LITTLE ROCK, Ark. — The legislation laying the groundwork for Arkansas' lottery does not require it, but officials say they expect the lottery system to include a security division that will be on the lookout for fraud by retailers.
The problem of fraud by lottery retailers gained new attention in the U.S. in the wake of a 2007 scandal in Canada, where investigators found that retailers and their employees were winning a disproportionately large number of prizes.
Between 1999 and 2006, at least 78 retail owners and 131 retail employees in Canada won major lottery prizes, according to the report "A Game of Trust" by Ontario Ombudsman Andre Marin.
Dateline NBC reported recently that insider wins are common in the U.S. as well. According to the report, individual retailers in California, New Jersey and New York have cashed in hundreds of tickets apiece for winnings ranging from $160,000 to $500,000. In Illinois, four employees at one store and five of their relatives cashed 556 tickets for more than $1.6 million.
Wins by retailers can be legitimate, but Dateline reported that lottery investigators conducting a recent sting in California found that fraud was common.
The investigators presented tickets with winning numbers at about 500 stores. At 59 of the stores, owners or clerks kept the tickets and later tried to collect prize money for themselves. Typically, the owners and clerks falsely told the investigators they did not have winning tickets.
In Minnesota, the security office of that state's lottery announced in March that its investigators had presented tickets with winning numbers at 186 stores. Clerks at five of the stores kept the tickets and later tried to collect prizes for themselves, officials said.
House Speaker Robbie Wills, D-Conway, who sponsored enabling legislation for the state-run lottery that Arkansas voters approved in November, said he is confident the Arkansas Lottery Commission will create a security division to keep retailers honest.
"They've got a number of positions available to them ... and if they follow the model of other states, they'll have people on staff whose job it is to investigate," Wills said.
"It would basically be the security arm of the lottery," Wills continued. "We've had some other states that have recommended that, that we have people who basically function like Alcoholic Beverage Control agents function for that agency, to make sure that the retailers are following the rules and not selling to people under 18, for instance."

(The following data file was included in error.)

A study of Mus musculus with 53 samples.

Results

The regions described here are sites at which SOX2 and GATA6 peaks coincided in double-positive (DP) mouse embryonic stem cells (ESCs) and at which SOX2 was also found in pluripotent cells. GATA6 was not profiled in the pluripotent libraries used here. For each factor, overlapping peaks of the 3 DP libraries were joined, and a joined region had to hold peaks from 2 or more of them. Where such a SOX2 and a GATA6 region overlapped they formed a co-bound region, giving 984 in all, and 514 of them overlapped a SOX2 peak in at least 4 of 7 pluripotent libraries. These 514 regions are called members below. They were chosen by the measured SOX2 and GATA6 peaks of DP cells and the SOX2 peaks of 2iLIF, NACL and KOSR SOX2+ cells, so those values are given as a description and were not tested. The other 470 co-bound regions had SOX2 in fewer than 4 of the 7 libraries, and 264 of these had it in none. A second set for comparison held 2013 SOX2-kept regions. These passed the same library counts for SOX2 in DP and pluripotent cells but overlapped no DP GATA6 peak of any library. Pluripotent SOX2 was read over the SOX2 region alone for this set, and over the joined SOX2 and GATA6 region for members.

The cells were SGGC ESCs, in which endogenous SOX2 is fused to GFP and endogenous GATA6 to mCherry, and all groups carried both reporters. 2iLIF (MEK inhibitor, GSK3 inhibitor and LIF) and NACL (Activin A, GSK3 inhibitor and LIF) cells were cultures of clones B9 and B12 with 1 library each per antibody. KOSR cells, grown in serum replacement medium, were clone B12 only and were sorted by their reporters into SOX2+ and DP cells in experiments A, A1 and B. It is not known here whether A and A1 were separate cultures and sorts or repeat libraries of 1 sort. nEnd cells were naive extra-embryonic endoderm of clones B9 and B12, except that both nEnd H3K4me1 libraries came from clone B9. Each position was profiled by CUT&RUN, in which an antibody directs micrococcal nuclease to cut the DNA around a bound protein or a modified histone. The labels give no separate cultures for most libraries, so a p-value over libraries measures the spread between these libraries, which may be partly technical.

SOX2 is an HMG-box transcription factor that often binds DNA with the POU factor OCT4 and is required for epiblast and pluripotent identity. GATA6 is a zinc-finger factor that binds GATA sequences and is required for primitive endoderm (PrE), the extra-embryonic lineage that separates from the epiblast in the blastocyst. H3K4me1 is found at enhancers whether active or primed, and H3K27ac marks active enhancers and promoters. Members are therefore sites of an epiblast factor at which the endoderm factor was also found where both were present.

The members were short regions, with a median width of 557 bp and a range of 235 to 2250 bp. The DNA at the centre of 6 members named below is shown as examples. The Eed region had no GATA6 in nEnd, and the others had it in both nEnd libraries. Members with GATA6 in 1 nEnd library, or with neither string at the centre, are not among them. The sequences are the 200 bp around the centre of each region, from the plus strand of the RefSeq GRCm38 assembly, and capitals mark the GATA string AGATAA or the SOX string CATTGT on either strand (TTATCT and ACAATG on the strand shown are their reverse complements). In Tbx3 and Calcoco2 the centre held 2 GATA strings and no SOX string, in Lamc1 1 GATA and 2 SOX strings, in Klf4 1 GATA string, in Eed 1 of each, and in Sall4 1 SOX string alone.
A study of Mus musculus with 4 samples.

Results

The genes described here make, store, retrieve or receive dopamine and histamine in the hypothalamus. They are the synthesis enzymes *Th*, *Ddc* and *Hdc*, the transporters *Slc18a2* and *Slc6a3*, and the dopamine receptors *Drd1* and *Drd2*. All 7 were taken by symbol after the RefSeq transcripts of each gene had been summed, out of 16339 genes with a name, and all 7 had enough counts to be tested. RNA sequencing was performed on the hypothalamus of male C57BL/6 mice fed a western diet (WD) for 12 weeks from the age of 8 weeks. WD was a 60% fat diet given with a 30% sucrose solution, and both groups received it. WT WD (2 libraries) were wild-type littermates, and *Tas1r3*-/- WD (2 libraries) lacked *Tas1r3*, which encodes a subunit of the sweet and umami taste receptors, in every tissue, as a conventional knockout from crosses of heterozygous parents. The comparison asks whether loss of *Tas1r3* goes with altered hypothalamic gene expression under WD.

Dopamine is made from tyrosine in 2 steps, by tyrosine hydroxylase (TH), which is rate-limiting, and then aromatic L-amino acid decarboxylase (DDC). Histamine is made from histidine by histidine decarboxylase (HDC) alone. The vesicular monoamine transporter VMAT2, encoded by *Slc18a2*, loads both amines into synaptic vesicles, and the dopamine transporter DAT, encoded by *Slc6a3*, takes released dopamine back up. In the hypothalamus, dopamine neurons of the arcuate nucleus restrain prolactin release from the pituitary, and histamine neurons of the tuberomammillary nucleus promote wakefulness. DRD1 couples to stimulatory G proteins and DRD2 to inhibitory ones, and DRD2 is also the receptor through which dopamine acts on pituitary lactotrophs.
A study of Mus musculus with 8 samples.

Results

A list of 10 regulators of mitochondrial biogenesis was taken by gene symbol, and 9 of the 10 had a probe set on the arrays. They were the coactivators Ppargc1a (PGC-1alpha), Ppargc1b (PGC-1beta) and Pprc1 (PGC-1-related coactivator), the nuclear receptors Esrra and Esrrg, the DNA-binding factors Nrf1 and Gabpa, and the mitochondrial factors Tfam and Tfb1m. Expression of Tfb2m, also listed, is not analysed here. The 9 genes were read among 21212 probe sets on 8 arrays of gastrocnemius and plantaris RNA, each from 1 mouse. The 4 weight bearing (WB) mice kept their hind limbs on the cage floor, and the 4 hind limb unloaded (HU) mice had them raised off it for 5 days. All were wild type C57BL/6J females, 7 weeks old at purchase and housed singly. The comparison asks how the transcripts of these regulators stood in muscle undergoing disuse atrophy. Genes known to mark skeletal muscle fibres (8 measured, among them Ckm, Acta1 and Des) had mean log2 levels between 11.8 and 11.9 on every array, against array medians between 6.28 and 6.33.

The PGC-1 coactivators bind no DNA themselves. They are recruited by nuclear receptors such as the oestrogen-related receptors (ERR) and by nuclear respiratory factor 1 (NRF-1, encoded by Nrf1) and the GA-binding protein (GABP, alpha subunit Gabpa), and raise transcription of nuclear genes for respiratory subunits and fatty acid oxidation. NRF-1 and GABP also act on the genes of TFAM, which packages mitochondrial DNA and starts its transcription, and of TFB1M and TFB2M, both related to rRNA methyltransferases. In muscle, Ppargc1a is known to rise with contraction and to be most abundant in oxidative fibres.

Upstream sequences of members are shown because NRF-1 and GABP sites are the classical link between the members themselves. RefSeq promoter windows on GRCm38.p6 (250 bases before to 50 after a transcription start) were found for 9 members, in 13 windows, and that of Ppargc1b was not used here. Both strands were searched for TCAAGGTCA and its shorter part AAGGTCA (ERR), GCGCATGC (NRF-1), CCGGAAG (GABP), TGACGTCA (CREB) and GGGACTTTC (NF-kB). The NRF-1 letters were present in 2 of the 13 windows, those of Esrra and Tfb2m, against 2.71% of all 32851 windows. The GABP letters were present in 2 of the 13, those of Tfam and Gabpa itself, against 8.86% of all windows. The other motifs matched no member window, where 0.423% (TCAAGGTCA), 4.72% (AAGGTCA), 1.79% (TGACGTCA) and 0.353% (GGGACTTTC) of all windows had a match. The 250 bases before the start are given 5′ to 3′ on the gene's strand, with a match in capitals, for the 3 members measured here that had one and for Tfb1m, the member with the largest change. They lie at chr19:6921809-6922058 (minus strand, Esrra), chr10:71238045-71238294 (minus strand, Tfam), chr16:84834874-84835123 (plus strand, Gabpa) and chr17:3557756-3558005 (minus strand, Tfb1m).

The Lottery Commission's chairman, Ray Thornton, said he expects the commission to hire enforcement officers. The commission is authorized to hire up to 75 people in addition to the 13 positions specified in Act 606 of 2009, the legislation that created the commission.
Act 606 also authorizes the commission to conduct background checks of retailers and inspect their facilities "at times determined solely by the commission."
"We think that honesty and integrity is vital in this, and we're going to do everything possible to make sure that the public is treated with dignity and honesty," Thornton said. "We'll have enforcement people, we'll be reviewing the actions of our licensees and our vendors, and we will have the ability to discipline anyone who does not live up to those values."
Lawmakers have said they expect the first lottery tickets to be sold by the end of the year. Thornton has said he expects tickets to be available at about 2,000 retail outlets in the state.
One question for officials to consider is whether anti-fraud efforts should be proactive or reactive. Iowa Ombudsman William Angrick released a report last month that criticized the Iowa lottery's enforcement arm for what he deemed a failure to detect fraud independently from customers' complaints, making it difficult to know how much fraud is occurring.
"Unfortunately, when we sought to learn what was being done to prevent and police theft by lottery retailers, the answer we arrived at was, 'Not much,'" Angrick wrote.
Lottery officials say enforcement is important, but it is also important for players to protect themselves from being defrauded.
"The top thing that we encourage our players to do is sign the back of their tickets," said Kimberly Chopin, spokeswoman for the Louisiana Lottery. "If someone comes in to claim a prize that's above $600, if that signature line is altered in any way, we're going to conduct an immediate investigation."
Players also should also get a receipt when collecting prize money and should not leave tickets with retailers, Chopin said.
"There is no reason why a retailer needs to keep a non-winning ticket," she said.
Chopin said the Louisiana Lottery has two enforcement officers to police the state's 2,600 retailers who sell lottery tickets. The officers do not perform stings like those in California and Minnesota, she said.
Susan Goedde, spokeswoman for the Missouri Lottery, said one of the most important things players can do is learn how to check tickets on their own.
"We offer ticket 'check-it' machines at retail locations, where you could put the ticket in and check it," she said. "We also have (winning) numbers on our Web site."
When a retailer does check a ticket for a customer, the prize amount appears on a screen that the customer can see, Goedde said.
Goedde said the Missouri Lottery has two enforcement officers to police the state's nearly 5,000 lottery retailers. The officers do not perform stings, she said.
One possible way to cut down on fraud would be to ban licensed retailers from playing the lottery. Ontario's ombudsman has said he is considering recommending such a ban in Canada.
But lottery officials say banning retailers from playing would have drawbacks.
"There are a lot of retailers who play, and it would probably affect our sales," Goedde said.